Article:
Amsterdam, NY ,

Thursday, July 10, 2014 - Updated: 10:01 AM

By CASEY CROUCHER

casey.croucher@recordernews.com

Opening day for Amsterdam's farmers market has now been postponed to Aug. 2.

Originally the market was going to open Saturday in the Walter Elwood Museum parking lot at 100 Church St., but Ben Wallach, marketing director of the Niskayuna Co-op, who is also managing Amsterdam's farmers market, said he had to postpone Saturday's opening.

"We had to delay the market for a few weeks because we got a late start and we want more vendors so there's more variety for the people," Wallach said.

He said the market was initially supposed to run from Saturday until the end of October, but he decided to start in August and run until Oct. 4 instead.

"Having the market run from July until almost November would be way too long," he said. "People would start to not come."

The plan to continue the market at an indoor site in the museum, however, is still in the works.

"There's a location in the museum with a loading dock that would be great for an indoor market," he said. "We really want to continue the market from November until March at that location."

Wallach said the location is ideal.

"There will be free power from the museum and the parking lot offers a lot of space," he said.

The Saturday farmers market currently has eight vendors set for the summer season, but he plans to recruit two organic farms from Gloversville and Hamilton County before the opening date, he said.

"We didn't have any organic farms set for Saturday, and I really thought it was important to have these farms for the market so that the products will really differentiate from Price Chopper or any other department store," he said.

He also said he's working with a few Amish farms to get them as vendors in Amsterdam.

Some items Wallach plans to sell include jams, jellies, pickles, honey, baked goods, cheeses, eggs, meat, organic produce and Schenectady-based Gatherer's Granola.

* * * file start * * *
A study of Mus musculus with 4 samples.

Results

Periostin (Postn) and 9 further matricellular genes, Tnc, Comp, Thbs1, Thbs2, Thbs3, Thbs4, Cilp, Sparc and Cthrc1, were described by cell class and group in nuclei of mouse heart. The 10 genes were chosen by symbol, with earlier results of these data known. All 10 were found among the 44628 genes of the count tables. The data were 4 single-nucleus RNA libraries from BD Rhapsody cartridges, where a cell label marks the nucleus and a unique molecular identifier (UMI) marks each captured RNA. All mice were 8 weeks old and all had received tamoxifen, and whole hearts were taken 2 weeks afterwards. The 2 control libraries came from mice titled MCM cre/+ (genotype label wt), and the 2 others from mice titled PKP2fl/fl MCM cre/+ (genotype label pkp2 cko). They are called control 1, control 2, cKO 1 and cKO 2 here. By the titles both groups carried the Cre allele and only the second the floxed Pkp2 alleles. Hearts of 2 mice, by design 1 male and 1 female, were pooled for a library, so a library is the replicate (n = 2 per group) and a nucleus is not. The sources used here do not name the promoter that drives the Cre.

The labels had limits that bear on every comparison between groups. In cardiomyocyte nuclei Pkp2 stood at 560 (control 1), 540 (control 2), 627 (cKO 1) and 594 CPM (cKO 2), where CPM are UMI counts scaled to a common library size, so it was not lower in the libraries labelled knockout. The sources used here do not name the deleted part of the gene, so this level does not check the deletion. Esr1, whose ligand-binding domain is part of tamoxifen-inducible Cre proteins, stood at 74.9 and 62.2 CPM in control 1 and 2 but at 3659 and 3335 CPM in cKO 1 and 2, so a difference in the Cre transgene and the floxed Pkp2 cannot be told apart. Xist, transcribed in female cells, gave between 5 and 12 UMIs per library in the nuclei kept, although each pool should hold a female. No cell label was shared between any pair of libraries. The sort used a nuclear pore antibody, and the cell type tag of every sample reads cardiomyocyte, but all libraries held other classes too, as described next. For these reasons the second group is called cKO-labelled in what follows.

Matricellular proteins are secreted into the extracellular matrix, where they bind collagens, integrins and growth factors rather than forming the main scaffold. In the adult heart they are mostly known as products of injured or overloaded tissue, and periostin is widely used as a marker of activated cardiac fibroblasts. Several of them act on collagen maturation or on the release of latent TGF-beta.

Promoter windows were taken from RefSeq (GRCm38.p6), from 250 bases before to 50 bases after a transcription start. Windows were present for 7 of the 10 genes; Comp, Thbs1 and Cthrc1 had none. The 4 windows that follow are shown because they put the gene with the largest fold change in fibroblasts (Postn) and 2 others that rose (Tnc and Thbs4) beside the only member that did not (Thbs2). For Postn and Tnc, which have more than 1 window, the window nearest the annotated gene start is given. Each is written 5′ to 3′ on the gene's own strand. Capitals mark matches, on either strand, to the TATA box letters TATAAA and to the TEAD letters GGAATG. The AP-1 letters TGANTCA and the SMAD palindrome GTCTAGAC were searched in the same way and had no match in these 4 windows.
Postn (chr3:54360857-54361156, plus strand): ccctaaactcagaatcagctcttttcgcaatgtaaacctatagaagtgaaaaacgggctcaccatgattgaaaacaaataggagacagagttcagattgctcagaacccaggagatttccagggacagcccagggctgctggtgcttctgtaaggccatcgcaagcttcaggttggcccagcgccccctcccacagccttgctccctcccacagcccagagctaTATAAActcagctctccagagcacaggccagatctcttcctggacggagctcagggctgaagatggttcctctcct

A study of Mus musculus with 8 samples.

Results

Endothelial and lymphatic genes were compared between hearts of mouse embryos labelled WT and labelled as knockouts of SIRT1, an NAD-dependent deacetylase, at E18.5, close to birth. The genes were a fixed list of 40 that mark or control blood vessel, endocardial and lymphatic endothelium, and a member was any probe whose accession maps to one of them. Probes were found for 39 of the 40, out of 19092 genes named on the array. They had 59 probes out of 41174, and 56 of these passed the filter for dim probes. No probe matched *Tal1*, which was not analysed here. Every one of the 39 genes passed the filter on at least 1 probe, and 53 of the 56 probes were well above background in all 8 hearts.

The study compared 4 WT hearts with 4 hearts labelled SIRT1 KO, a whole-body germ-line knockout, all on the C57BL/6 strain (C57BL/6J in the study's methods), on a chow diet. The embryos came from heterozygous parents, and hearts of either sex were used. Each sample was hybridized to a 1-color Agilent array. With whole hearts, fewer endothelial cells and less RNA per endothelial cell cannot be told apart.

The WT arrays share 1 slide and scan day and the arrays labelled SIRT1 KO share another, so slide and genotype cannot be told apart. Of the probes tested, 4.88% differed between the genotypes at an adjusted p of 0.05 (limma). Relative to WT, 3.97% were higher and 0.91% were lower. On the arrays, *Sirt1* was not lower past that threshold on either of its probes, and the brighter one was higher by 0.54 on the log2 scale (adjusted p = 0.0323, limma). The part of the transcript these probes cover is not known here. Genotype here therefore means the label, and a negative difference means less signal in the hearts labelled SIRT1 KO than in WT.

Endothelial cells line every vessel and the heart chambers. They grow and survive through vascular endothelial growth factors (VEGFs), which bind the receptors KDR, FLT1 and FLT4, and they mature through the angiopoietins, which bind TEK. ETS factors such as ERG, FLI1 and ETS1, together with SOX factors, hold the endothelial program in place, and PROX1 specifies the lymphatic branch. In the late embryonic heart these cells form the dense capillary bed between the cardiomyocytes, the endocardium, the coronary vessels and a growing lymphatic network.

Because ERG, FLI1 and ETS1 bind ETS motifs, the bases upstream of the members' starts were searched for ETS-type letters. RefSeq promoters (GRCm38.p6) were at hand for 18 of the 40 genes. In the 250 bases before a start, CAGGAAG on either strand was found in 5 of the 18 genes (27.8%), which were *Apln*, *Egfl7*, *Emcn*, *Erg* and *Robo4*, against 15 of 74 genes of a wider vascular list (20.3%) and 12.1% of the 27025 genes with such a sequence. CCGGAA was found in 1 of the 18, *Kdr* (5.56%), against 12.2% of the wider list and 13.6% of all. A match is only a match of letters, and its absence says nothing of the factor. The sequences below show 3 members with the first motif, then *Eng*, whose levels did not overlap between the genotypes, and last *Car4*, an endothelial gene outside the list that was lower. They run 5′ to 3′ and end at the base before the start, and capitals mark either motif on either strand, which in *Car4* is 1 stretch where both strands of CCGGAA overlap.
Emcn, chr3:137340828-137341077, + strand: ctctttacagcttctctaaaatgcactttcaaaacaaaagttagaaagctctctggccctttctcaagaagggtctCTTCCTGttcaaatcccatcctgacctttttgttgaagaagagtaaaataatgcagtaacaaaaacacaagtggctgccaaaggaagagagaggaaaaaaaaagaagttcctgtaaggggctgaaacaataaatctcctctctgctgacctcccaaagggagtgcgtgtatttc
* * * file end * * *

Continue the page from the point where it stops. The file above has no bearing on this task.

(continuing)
He said the market will also include crafts, lunch shops with different ethnic foods, a bounce house for children, and different bands each week.

Wallach said anyone interested in being a vendor should contact Cornell University intern Shannon Bush at City Hall: 841-4322.

He said the vendor fee for 10 weeks is $100 with insurance covered by the city. To be a vendor for one day it costs $20.

"I'm really looking for vendors for the whole season," he said. "As far as the one-timers, it will be a first-come, first-served deal for that week. The whole season costs $100 which is $10 a week. It's a good price."

Wallach didn't want to disappoint county residents by postponing but also said he didn't want the market to be a failure.

"This is just a pit stop," he said. "Everyone wants this market to happen so let's do this right. I don't want to disappoint anyone and I don't want people to think the market is never going to happen but these things can't happen quickly."

Wallach compared the Schenectady farmers market to Amsterdam's.

"It actually took Schenectady 11 months to get their market going and they had a whole team of people to help get it started," he said. "I'm doing this with a very small team but I've got the city's support and things are really looking up."